The Doomed & Stoned compilation series may highlight heavy underground bands all over the world, but it began with founder Billy Goate’s realization that he was missing a lot of great music in one place—his hometown of Portland, Oregon. “When I started getting more plugged into the heavy music scene, I was amazed at all I’d been missing,” he explains.
Goate was a metal fan when he was younger—calling it “fuel for the gym, or music I listened to work through my frustration with growing up,” but his interest was mostly passive until he caught the legendary doom band St. Vitus on the 2011 Metal Alliance tour. “As an adult, metal has proven to be a much more nuanced medium than I’d ever realized. Sitting on a couch at a house venue and feeling your guts rearrange inside you as Samothrace rumbles out a riff is an experience like none other. Doom is the growl of the soul, the forlorn howl of loss, the residue of shattered dreams—not to get all poetic on you.”
In 2013, Goate created a Facebook page named “Doomed & Stoned” as a way to connect with other like-minded heavy music fans. That page grew into a music blog, and on its first anniversary, Goate put together the inaugural Doomed & Stoned in Portland compilation. The release proved a success far beyond his expectations: “I underestimated how quickly we’d burn through free downloads, as I had never posted anything on Bandcamp before,” he explains. The compilation earned them their first bit of local press—a write-up in the area arts publication The Oregonian.
Goate didn’t start Doomed & Stoned to make a profit: he just wanted to encourage listeners to check out and support their local scenes. And Goate’s desire to give back to each community he spotlights doesn’t stop with the compilations themselves: In the aftermath of Hurricane Harvey, in 2017, the label teamed up with Texas metal band Doomstress for Doomed & Stoned in Texas, a benefit for the Houston Food Bank (“We raised around $500 for that one,” he reports proudly). But a pay-it-forward record label is still a business, and Goate experienced some growing pains when he first started out; for example, although Goate diligently obtained each band’s permission to include their music, he didn’t realize at first that he needed the consent their respective labels. “All of this was new territory for me,” he admits. Today, all profits from sales of the compilations get funneled back into covering his label’s operating expenses.
Since its inception, the Doomed & Stoned series has shifted its focus outward, with compilations showcasing heavy music scenes in the U.S. and around the world: Chicago, Texas, Philadelphia, South Africa, New Zealand, Mexico, and more. That doom metal and stoner rock are diverse subgenres, with their own stylistic offshoots and regional interpretations, doesn’t faze Goate in the slightest, because he’s not one to get tangled up in niche politics. Rather, he calls Doomed & Stoned’s central aesthetic “the Sabbath sound”: a diverse family tree of subgenres—“stoner-doom, death-doom, blackened-doom, progressive-doom, sludge, drone, you name it”—which, as the name implies, began with the iconic British metal band; the sole common denominator is the blanketing feel of the music, driven by the guitars’ distinct low-and-slow churn.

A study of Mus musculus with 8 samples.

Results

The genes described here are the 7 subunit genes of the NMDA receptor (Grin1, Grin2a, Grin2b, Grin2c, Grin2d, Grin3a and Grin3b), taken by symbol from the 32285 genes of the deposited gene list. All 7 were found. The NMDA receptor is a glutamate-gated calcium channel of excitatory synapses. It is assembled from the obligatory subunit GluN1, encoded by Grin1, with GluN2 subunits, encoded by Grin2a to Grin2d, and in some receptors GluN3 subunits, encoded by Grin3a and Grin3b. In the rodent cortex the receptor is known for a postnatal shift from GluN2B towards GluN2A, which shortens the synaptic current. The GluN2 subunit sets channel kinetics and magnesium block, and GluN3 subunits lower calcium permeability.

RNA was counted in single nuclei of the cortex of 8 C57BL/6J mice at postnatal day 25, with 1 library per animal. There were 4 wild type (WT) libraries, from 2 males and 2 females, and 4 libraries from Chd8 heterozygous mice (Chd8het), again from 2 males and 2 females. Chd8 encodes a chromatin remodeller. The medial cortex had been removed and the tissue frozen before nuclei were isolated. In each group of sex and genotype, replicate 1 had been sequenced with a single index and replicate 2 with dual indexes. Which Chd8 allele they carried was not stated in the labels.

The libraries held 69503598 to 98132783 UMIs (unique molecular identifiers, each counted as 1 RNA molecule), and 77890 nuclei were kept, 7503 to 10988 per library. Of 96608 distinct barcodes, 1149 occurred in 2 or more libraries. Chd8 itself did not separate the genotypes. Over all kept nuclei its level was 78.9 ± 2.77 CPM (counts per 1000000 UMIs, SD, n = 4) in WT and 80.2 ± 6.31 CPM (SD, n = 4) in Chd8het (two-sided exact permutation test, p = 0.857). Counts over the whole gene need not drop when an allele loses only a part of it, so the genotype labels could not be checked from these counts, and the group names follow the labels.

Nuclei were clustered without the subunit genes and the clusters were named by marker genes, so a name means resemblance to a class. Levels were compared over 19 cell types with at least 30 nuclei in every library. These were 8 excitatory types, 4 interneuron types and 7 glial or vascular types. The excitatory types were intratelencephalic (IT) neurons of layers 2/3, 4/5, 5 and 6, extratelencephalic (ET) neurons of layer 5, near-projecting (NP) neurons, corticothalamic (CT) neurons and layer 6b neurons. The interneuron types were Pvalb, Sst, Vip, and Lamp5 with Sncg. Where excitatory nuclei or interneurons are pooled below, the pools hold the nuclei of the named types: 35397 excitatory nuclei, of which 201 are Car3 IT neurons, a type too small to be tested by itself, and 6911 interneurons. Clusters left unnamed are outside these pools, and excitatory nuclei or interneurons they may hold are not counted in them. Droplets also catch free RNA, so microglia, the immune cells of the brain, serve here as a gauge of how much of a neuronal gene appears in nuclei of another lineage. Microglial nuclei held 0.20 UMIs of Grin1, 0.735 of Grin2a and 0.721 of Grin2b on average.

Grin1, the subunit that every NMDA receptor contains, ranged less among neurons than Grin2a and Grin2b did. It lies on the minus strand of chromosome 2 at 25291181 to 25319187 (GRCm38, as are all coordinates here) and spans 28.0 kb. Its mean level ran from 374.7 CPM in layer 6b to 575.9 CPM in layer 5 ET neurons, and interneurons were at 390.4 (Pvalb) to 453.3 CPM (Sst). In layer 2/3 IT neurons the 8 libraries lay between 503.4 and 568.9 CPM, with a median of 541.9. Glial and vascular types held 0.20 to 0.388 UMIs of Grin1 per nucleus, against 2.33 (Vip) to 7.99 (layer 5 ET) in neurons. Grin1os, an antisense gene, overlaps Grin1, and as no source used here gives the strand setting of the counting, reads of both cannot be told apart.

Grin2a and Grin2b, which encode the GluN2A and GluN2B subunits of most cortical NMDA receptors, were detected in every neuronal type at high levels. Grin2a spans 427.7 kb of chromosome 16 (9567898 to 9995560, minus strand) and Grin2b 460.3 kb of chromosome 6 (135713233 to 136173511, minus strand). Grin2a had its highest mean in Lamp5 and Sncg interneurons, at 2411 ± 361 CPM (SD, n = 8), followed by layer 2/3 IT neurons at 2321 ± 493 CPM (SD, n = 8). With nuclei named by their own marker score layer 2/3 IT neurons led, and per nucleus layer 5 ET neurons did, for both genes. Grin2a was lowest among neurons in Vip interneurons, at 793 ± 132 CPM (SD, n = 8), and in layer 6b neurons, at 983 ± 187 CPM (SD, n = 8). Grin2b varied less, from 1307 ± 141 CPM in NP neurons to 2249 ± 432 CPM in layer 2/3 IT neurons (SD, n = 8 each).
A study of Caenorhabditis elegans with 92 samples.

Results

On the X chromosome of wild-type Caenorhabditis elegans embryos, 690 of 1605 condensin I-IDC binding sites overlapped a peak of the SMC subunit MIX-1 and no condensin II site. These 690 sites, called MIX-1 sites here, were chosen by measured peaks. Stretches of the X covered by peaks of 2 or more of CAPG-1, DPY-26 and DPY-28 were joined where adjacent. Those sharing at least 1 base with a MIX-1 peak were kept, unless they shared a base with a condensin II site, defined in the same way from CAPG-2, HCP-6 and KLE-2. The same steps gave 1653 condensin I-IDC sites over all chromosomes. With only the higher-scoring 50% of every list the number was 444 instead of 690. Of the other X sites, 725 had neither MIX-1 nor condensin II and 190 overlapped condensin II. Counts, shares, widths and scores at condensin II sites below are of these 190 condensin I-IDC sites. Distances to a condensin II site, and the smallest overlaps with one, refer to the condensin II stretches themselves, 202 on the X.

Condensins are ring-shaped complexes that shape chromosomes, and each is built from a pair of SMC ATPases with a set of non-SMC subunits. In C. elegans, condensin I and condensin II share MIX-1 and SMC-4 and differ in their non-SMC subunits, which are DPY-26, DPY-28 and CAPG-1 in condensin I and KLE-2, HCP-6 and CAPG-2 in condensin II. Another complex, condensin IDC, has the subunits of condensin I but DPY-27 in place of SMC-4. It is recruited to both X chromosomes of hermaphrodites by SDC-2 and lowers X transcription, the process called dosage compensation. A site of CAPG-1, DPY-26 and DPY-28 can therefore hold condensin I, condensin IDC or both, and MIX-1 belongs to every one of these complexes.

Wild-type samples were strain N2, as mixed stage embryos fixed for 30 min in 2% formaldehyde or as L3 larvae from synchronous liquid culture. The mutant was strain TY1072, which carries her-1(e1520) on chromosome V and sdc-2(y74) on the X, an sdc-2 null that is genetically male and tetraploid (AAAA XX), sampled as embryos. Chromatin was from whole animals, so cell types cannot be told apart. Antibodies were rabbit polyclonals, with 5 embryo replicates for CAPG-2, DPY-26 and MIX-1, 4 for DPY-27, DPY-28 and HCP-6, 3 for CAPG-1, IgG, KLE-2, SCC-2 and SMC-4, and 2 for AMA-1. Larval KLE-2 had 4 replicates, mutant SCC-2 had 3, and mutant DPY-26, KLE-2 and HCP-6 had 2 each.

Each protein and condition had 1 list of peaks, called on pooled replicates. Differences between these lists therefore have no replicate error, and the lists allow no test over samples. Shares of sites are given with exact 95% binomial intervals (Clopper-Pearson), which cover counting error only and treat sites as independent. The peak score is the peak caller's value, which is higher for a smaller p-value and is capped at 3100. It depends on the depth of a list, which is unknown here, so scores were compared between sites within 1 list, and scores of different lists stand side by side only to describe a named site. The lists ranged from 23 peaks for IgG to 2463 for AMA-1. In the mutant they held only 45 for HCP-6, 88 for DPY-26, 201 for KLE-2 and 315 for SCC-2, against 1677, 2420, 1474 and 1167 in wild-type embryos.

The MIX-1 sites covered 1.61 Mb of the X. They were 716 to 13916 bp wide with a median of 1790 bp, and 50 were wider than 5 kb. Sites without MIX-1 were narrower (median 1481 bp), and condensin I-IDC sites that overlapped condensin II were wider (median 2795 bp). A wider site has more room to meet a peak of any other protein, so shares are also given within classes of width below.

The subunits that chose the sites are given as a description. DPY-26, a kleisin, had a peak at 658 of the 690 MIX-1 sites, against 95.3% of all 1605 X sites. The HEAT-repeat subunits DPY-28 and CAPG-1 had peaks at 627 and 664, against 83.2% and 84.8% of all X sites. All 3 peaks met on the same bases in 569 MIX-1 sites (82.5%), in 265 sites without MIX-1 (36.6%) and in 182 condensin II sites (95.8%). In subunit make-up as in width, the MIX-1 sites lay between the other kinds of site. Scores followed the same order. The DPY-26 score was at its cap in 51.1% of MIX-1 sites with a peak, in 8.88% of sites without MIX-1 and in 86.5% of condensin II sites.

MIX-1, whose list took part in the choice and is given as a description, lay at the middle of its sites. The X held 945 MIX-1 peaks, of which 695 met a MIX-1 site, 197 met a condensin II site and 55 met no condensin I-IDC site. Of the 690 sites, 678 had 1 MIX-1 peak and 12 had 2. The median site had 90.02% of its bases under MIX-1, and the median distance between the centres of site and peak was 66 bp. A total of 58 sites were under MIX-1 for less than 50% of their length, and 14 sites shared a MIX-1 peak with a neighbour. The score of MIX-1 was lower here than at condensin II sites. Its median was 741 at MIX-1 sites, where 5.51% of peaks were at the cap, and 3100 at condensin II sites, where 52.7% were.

Those deep dives into a region’s musical legacy can have surprising results—none more so than his look into the New Zealand scene. “Doomed & Stoned in New Zealand was the result of a casual Twitter exchange with one of the local bands there, Bloodnut. That compilation was so well-received that I was contacted by the National Library of New Zealand, who invited me to submit the album for preservation in the National Digital Heritage Archive. That was an unexpected and humbling honor.”
Each Doomed & Stoned compilation arises from diligent research, though the methodology Goate uses tend to vary. “For the first Portland compilation, it was all me hunting down bands myself,” he explains. “For the sequel, Doomed & Stoned in Portland II, I would post in various social media groups where band members tend to hang in order to solicit interest.” Whenever a the “Sabbath sound” is proliferating in a given city—be it psychedelic rock, stoner doom, or hardcore sludge—he’s quick to take interest, so long as the circumstances are right. “Often, what’s next on the list will depend on whether I have a local partner in the area willing to help me round up and review submissions, which is the most time-consuming part of this project,” he explains. These area experts are pivotal to the process: curating tracklistings, penning introductions, and even sourcing compilation artwork (from local artists, of course).
Doomed & Stoned isn’t about the all up-and-comers, either. Some compilations, such as 2015’s Doomed & Stoned in Mexico: Una Retrospectiva showcase acts (in this case, obscure psych bands from the ’70s) who Goate feels didn’t get the attention they deserved back in the day, while others, like The Enchanter’s Ball from that same year, document explosion in female-fronted heavy music acts worldwide. What unites the Doomed & Stoned collections, then, are Goate’s two primary goals: introducing listeners to to new bands, and trumpeting a deep love of doom, in all its forms: “The fun of these compilations is in discovering bands you’ve never heard of who are just so darned good, you want to follow them further down the rabbit hole,” the label owner concludes. “I really want people to get immersed in the worlds I’m introducing them to.”